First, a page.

NEW YORK (AP) - City Council member Ruben Wills was charged in connection with an ongoing New York City political corruption probe, according to an indictment unsealed in Queens Criminal Court on Wednesday.
Wills, a Democrat who was elected to in 2010 to represent southeastern Queens, was charged with a dozen crimes, including scheming to defraud, grand larceny and falsifying business records, according to the indictment.
He did not enter a plea and was released without bail.
“I’m telling you and my district that I’m innocent,” he told reporters outside court. “This is America, people. You are presumed innocent until you are proved guilty.”
Much of the indictment centers on missing state funds given to New York 4 Life, a nonprofit Wills founded in 2009. Wills was charged with falsifying several documents involving the nonprofit, including an $11,500 check, and used an unpaid invoice to fake other donations, according to the complaint.
Wills has been under investigation by state Attorney General Eric Schneiderman’s office in connection with tens of thousands of state money that went missing, including a $33,000 state grant to the nonprofit.
Wills was charged with stealing more than $3,000 from the New York State Office of Children and Family Services and using a dummy organization called Micro Targeting to move money, some of which he used to buy a $750 Louis Vuitton bag, according to authorities. One of Wills‘ relatives, Jelani Mills, a campaign worker who ran the dummy organization, was charged on four counts. Mills was being held on $20,000 bail and wasn’t available to comment.
Schneiderman, whose office conducted the investigation with State Comptroller Thomas DiNapoli, said that Wills‘ actions “constitute a stunning violation of the faith that he asked voters to place in him.”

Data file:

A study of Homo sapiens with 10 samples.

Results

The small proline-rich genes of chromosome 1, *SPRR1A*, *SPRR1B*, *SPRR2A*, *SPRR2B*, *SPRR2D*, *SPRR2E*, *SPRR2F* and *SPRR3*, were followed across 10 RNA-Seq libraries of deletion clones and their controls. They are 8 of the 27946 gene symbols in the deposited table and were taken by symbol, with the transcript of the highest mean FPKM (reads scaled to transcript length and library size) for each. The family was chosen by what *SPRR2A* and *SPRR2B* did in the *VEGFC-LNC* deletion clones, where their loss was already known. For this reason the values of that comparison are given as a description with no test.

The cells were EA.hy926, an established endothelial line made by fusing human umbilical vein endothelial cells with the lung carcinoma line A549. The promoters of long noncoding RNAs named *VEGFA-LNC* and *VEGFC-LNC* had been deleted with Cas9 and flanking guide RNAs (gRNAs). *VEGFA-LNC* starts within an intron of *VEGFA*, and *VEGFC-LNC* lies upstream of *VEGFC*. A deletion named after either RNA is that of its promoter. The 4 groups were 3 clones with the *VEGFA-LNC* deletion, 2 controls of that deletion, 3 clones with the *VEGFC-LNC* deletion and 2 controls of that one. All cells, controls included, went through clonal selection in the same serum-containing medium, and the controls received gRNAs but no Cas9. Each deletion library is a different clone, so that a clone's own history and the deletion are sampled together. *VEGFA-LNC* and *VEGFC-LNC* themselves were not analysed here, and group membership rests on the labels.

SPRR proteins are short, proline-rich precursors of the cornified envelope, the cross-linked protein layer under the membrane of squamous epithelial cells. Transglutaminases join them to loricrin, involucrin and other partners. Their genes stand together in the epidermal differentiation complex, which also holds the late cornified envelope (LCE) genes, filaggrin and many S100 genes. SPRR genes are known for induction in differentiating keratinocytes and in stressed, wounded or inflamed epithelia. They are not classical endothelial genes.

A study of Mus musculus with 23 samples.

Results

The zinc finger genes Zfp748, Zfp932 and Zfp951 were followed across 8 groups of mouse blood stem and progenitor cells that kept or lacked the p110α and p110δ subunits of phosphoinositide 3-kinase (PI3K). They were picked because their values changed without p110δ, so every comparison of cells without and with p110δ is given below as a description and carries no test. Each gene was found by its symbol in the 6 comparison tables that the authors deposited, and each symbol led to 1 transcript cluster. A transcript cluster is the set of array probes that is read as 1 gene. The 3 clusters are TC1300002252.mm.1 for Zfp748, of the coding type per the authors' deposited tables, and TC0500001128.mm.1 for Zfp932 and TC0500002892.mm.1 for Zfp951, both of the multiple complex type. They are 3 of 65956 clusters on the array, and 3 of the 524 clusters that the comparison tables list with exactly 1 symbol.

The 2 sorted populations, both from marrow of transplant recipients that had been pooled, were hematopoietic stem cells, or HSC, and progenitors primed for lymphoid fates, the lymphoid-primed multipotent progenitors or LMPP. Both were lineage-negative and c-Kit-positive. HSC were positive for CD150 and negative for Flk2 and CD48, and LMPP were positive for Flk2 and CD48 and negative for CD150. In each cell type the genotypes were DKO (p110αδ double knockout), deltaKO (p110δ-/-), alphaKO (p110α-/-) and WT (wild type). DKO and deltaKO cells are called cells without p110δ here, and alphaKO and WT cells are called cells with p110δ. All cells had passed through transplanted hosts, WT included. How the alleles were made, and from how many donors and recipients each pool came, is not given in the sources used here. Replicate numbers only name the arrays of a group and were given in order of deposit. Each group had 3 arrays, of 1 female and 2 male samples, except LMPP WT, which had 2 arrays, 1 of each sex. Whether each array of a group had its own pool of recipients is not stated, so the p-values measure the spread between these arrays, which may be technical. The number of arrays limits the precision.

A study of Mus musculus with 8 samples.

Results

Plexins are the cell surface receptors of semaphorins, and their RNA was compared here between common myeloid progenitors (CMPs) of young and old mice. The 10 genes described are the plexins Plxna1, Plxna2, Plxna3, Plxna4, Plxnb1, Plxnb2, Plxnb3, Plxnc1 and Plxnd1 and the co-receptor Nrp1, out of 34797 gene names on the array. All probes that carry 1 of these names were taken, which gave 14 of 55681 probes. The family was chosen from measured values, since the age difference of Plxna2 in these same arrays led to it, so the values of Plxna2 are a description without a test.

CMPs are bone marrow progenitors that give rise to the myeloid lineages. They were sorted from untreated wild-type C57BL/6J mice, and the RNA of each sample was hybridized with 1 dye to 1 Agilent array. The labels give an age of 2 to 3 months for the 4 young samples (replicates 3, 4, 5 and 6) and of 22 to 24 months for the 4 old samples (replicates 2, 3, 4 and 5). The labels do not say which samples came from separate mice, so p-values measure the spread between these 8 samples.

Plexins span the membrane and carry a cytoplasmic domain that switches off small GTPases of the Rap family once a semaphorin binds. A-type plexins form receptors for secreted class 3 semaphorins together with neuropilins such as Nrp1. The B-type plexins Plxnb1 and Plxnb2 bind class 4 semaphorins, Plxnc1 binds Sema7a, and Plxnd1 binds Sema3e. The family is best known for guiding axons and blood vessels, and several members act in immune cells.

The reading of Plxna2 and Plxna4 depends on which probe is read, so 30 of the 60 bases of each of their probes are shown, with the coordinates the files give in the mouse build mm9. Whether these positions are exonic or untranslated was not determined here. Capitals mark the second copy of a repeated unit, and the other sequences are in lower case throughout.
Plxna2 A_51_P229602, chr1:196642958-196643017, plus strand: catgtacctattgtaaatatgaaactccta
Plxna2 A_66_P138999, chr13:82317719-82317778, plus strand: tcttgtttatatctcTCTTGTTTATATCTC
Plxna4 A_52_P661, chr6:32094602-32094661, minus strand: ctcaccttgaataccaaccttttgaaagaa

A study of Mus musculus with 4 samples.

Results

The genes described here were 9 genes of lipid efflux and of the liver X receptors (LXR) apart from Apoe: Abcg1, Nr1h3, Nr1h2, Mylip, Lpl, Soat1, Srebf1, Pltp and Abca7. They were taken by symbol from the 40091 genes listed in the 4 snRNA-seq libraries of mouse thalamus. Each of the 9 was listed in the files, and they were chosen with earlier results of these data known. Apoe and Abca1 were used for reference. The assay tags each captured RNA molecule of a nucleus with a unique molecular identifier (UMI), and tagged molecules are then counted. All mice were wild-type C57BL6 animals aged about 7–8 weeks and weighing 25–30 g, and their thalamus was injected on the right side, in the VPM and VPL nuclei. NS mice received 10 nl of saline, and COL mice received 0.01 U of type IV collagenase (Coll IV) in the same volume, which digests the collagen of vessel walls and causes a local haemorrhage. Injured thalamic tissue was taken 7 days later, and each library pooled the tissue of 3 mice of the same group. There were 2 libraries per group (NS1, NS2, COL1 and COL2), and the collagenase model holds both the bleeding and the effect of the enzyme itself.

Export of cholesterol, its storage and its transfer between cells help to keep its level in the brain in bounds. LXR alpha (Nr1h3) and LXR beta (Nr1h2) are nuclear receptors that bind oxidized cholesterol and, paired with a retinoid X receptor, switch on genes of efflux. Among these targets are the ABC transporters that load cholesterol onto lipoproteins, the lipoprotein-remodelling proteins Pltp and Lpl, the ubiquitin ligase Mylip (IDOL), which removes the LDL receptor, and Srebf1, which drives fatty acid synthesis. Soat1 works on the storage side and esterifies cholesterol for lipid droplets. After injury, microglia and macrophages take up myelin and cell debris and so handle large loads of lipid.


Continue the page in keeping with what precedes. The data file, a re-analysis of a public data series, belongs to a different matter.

“This and every public corruption arrest our office makes send a message that elective office does not come with a blank check and that no one is above the law,” Schneiderman said at a news conference at his Manhattan office.
Wills‘ arrest is connected to the ongoing probe into State Senate Shirley Huntley, a longtime powerbroker in the Democratic party in Queens. Wills, who was arrested at his home early Wednesday, served two years as her chief of staff.
Huntley is a central figure in a wide-ranging corruption investigation and was under investigation for misusing public funds when she decided to cooperate with federal investigators. She invited several Senate Democrats and Democratic councilmembers to visit her at her home in Queens. Unbeknownst to her guests, she recorded the conversations.
Two of her guests were former Senate Democratic leaders, Malcom Smith of Queens and John Sampson of Brooklyn, who were both later indicted.
Wills, also a guest of Huntley, had his conversation recorded as well. At the time, his lawyer said he was not the subject of investigation.
Wills was elected to his seat by a mere 626 votes and was the chairman of the subcommittee on drug abuse. He has agreed to give up the chairmanship and will be investigated by the council’s ethics committee, according to a spokesman with the New York City Council office.
He will also lose his privileges to earmark money for pet projects in his district; instead, it will be doled out by the Queens delegation chairman and the City Council speaker’s office.
“These accusations are extremely troubling and will be taken seriously,” said City Council Speaker Melissa Mark-Viverito during a news conference at City Hall. “Days like today are never good days for the institution.”
New York 4 Life is described on the councilman’s website is “a nonprofit organization which has helped single mothers champion critical issues such as civic literacy and financial empowerment.”
Associated Press writers Karen Matthews and Deepti Hajela in New York City and Michael Virtanen in Albany contributed to this report.